Several times a year, someone will ask me to do this. I'd like to point them to some sort of respectable article which explains this.

I want to take the URL at https://www.example.com/ and redirect the traffic to https://www.example2.com/ .

I believe this should be technically possible, but is undesired. What is wrong with this method? Will browsers get a security popup since I am redirecting them to another site? Can anyone provide a link to some respectable documentation which explains this?

Your situation might be annoying, but it isn't ironic ;) – Gareth Aug 5 '10 at 14:59
    
@Gareth, It's the Alanis Morissette definition of ironic (aka annoying as you said). – ManiacZX Aug 5 '10 at 21:05
    
@ManiacZX I've always thought the irony in the Alanis Morissette song was actually the song. It's ironic that the song has no real irony. – Joshua Mar 12 '13 at 18:54
up vote 10 down vote accepted

You can do this, both sites need to have a valid SSL certificate. This way browsers won't give a security pop-up. If both sites exist at the same server however, both domains need to be hosted from different IP addresses.

A web server looks at the "Host" header in the HTTP request to see which site it needs to serve. The SSL negotiation happens before the HTTP request is sent, so at that point the web server can't tell which website it will display. It will always send the same certificate to the browser.

There are two ways to work around this:

  • Have a wildcard certificate for *.example.com, so all subdomains can share the same certificate.
  • Run each SSL site at a different IP address. This way, the web server knows which SSL certificate it can send to the browser, by inspecting the IP address which received the incoming connection.

Note it's perfectly possible to attach multiple IP addresses to the same network adapter, it's just that you need a second IP address available in your IP address space.

Update: Nowadays, you can run multiple SSL sites at a single IP. To enable this, configure SNI support at your web server. Most modern browsers (except windows XP, and Android 2) support this.

You can also host multiple SSL sites at the same IP under a Unified Communication Certificate (UCC), see help.godaddy.com/article/3908 – ManiacZX Aug 5 '10 at 21:09
    
One other workaround for the multi-hostname/one IP certificate issue is to use alternative port numbers. This is not ideal, since some firewalls/public access points block non 80/443 traffic. – Bryan Agee May 18 '11 at 21:39

I've never tried this so I don't speak from concrete experience, but it should work. You will need to have a valid SSL certificate for https://www.example.com as the hostname is encrypted inside the HTTP header so your server won't know to redirect until it's decrypted. After that it should redirect as it would a normal HTTP request.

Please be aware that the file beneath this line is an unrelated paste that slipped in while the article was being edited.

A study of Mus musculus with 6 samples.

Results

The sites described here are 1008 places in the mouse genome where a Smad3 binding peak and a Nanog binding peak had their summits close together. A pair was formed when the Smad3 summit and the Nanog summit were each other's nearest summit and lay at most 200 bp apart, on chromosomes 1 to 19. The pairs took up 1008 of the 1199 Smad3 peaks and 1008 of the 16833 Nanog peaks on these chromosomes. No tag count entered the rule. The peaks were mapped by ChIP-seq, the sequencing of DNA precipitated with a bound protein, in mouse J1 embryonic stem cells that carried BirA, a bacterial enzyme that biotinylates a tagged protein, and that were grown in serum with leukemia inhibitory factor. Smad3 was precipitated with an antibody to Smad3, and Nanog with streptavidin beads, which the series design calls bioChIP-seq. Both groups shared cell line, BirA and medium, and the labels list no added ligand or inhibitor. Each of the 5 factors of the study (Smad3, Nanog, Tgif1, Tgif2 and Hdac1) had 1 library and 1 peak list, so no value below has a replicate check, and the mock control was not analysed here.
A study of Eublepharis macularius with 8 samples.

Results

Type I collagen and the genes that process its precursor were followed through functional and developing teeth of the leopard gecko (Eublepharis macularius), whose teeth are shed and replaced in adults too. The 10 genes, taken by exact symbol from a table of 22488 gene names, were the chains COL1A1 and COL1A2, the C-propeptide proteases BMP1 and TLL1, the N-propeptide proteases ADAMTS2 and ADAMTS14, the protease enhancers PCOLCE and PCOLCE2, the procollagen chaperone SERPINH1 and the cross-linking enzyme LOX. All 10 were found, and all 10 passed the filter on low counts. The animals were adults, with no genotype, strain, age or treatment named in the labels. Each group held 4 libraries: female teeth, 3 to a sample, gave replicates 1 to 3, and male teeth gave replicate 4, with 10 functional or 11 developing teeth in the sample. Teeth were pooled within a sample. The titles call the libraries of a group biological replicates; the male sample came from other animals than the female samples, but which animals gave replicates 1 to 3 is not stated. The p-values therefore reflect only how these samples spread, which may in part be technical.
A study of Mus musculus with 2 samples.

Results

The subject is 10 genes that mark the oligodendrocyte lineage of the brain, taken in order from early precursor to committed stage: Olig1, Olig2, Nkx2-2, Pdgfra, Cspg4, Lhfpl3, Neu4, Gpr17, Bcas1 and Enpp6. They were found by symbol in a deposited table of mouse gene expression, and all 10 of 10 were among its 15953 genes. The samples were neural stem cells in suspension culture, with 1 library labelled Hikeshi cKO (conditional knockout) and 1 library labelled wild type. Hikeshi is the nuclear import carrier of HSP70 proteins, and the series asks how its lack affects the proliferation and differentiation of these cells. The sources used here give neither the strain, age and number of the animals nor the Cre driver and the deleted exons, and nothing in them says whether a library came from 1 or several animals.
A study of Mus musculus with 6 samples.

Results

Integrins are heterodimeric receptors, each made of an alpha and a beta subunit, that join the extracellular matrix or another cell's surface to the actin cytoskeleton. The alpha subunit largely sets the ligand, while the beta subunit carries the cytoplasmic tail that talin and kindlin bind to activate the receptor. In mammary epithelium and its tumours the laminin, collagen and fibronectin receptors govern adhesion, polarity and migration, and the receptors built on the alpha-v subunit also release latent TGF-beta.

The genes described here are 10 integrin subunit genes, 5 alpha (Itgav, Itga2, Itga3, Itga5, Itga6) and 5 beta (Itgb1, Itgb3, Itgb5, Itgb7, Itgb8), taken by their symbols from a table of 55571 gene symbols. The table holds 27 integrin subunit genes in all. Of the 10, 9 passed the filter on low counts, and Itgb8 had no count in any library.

As an example, Big Bank and Little Bank both run sites on https to give the customers a happy secure feeling. Big Bank buys Little Bank. At some point the IT people will set up a redirect for https://www.littlebank.com to https://www.bigbank.com. This is a legitimate reason to redirect from https to https.

This should work fine.


The one disconnect that I think is present in the current responses that may come up for you is that in any of these circumstances, a true redirect (ie: browser gets repointed to www.example2.com) will be fine but if you mask this such that the browser stillthinks it is pointed at www.example.com when in reality you have sent it to www.example2.com, this is where you will see security warnings precisely because you could be trying to spoof the user.

The short version is a normal redirect should be fine, address masking is probably going to leave you with a lot of explaining to do.


As a see it, this problem can be solved on a transport layer. Let's say you have DNS A record for example.com pointing to 192.168.0.1. When you type https://example.com in a browser your PC established a TCP connection to a server with IP 192.168.0.1, where some process listens on port 443. What if at the same time the server (which is not trying to get into details of the data sent over this TCP session like starting SSL negotiation) establishes a TCP connection to 192.168.0.2 (аnother server with DNS A example2.com pointing to it. HA proxy linux utulity installed on the first server might solve this with a config like that:

defaults
        log    global
        mode    tcp
        retries 2
        option redispatch
        option tcplog
        option tcpka
        option clitcpka
        option srvtcpka
        timeout connect 5s      
        timeout client  24h     #timeout client->haproxy(frontend)
        timeout server  60m

listen front443 192.168.0.1:443
    server back443 192.168.0.2:443

But this will cause SSL certificate error unless your example2.com web-server would show a SSL certificate with CN=example2.com and SAN=example.com, for example.

Or you might set up a DNS slpit horizon when from users perstective example.com and example2.com resolve to 192.168.0.1.